It’s worth remembering that Augustine was “weeping, with agonizing anguish in [his] heart” over his inability to control himself before he read Romans 13:13–14.
We tend to think that Scripture usually works the other direction. We read seeking instruction, wisdom, or intimacy and then read a challenging word like Paul’s that prompts contrition: “Let us behave decently, as in the daytime, not in carousing and drunkenness, not in sexual immorality and debauchery, not in dissension and jealousy. Rather, clothe yourselves with the Lord Jesus Christ, and do not think about how to gratify the desires of the flesh.” We’re convicted by Scripture, then we repent.
But in Augustine’s archetypal testimony, Confessions, that’s not what happened. First he was in anguish, then he heard a child chanting, “Pick it up! Read it! Pick it up! Read it!” He wrote (in Sarah Ruden’s 2017 translation) that when he obeyed the voice and read Paul’s words, “I didn’t want to read further, and there was no need. The instant I finished this sentence, my heart was virtually flooded with a light of relief and certitude, and all the darkness of my hesitation scattered away.” His response was not to wallow or to regret how long it took him to repent. Instead, he immediately and joyfully told his friend Alypius and his mother what had happened.
Many times the Holy Spirit really does use Scripture to illuminate our sin and to make us deeply uncomfortable. It is, after all, “useful for teaching, rebuking, correcting, and training in righteousness” (2 Tim. 3:16). And “no discipline seems pleasant at the time, but painful” (Heb. 12:11). Nevertheless, my experience with reading supernaturally convicting passages of Scripture tends to look like Augustine’s “light of relief and certitude.” It’s only when I’ve been away from Scripture for a while that I start thinking of it as a text where I will encounter discomfort and “agonizing anguish.” Ironically, guilt over not reading the Bible is more uncomfortable than those moments when a challenging passage seems particularly apt.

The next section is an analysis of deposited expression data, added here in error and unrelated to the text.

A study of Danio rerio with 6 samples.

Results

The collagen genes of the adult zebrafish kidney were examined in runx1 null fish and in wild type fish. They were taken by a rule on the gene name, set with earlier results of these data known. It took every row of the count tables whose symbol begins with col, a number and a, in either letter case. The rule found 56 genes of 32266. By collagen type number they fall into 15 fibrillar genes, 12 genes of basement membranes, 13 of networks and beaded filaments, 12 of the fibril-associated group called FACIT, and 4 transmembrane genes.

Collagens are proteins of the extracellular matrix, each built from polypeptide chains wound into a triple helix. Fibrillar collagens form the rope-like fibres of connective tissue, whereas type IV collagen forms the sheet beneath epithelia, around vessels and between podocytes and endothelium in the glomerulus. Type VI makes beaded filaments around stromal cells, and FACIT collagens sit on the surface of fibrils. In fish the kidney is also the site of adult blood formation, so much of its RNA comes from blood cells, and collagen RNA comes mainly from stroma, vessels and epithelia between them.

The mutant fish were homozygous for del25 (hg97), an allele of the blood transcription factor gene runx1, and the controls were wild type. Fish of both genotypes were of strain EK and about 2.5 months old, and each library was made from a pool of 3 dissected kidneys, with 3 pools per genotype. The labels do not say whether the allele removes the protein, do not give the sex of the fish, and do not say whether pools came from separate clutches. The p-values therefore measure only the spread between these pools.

Tempted and tired
The Christian leader’s temptations against Bible reading can differ significantly from the young believer’s. Many of us have been around Scripture long enough not to feel too intimidated by its size or in picking something to read. But we are likely to get distracted or to feel like we already know what’s in our Bible. It can be especially hard to read afresh a passage one has memorized, to remain curious about a story you’ve deeply studied or repeatedly preached on. So Bible reading loses its urgency: Why read the Bible right now when there are so many interesting new books relating the Bible to the issues of the day?
Christian leaders are also too aware of the dangers of bad Bible reading. We’re on alert against proof-texting. We fret about people misappropriating promises to Israel as guarantees of their own health, wealth, and safety. And we know that the Scriptures were written to believers for the life of the community, not for individualistic moments of personal piety. We start to wonder: Doesn’t the idea of reading one little chapter this morning encourage an atomized “thought of the day” when the whole point is the one large story it tells about God in Jesus Christ? Yes! And since I already know that story, do I really need to read a bit from 1 Corinthians again this morning? There’s so much else that needs doing!
Those thoughts and temptations have little purchase when I’m actually reading the Bible. It’s not that reading it always (or usually) floods me with a light of relief and certitude. But I’ve found that I’m hungriest to read Scripture when I’m reading Scripture. Part of this, no doubt, is simply the psychology driving any habit. But part of it is that the Word of God really is alive and active (Heb. 4:12)—and as much as I want to affirm its primary aims for the community of God, the Spirit keeps illuminating those ways in which it has something to say to me, personally, right now. As Søren Kierkegaard repeatedly argued, the Bible is more like a love letter than our commentaries and sermons might suggest. “It is I to whom it is speaking; It is I about whom it is speaking,” he wrote. Elsewhere, the Danish philosopher reminds that the God who gave his Word as a gift is he who is “promptly at hand” as we show even the slightest interest in reading it. And it’s him again eager to help us when we strive to act according to it. It is him singing in the garden, “Pick it up! Read it!” Scatter the darkness of your hesitation and read it.
Ted Olsen is editorial director of Christianity Today.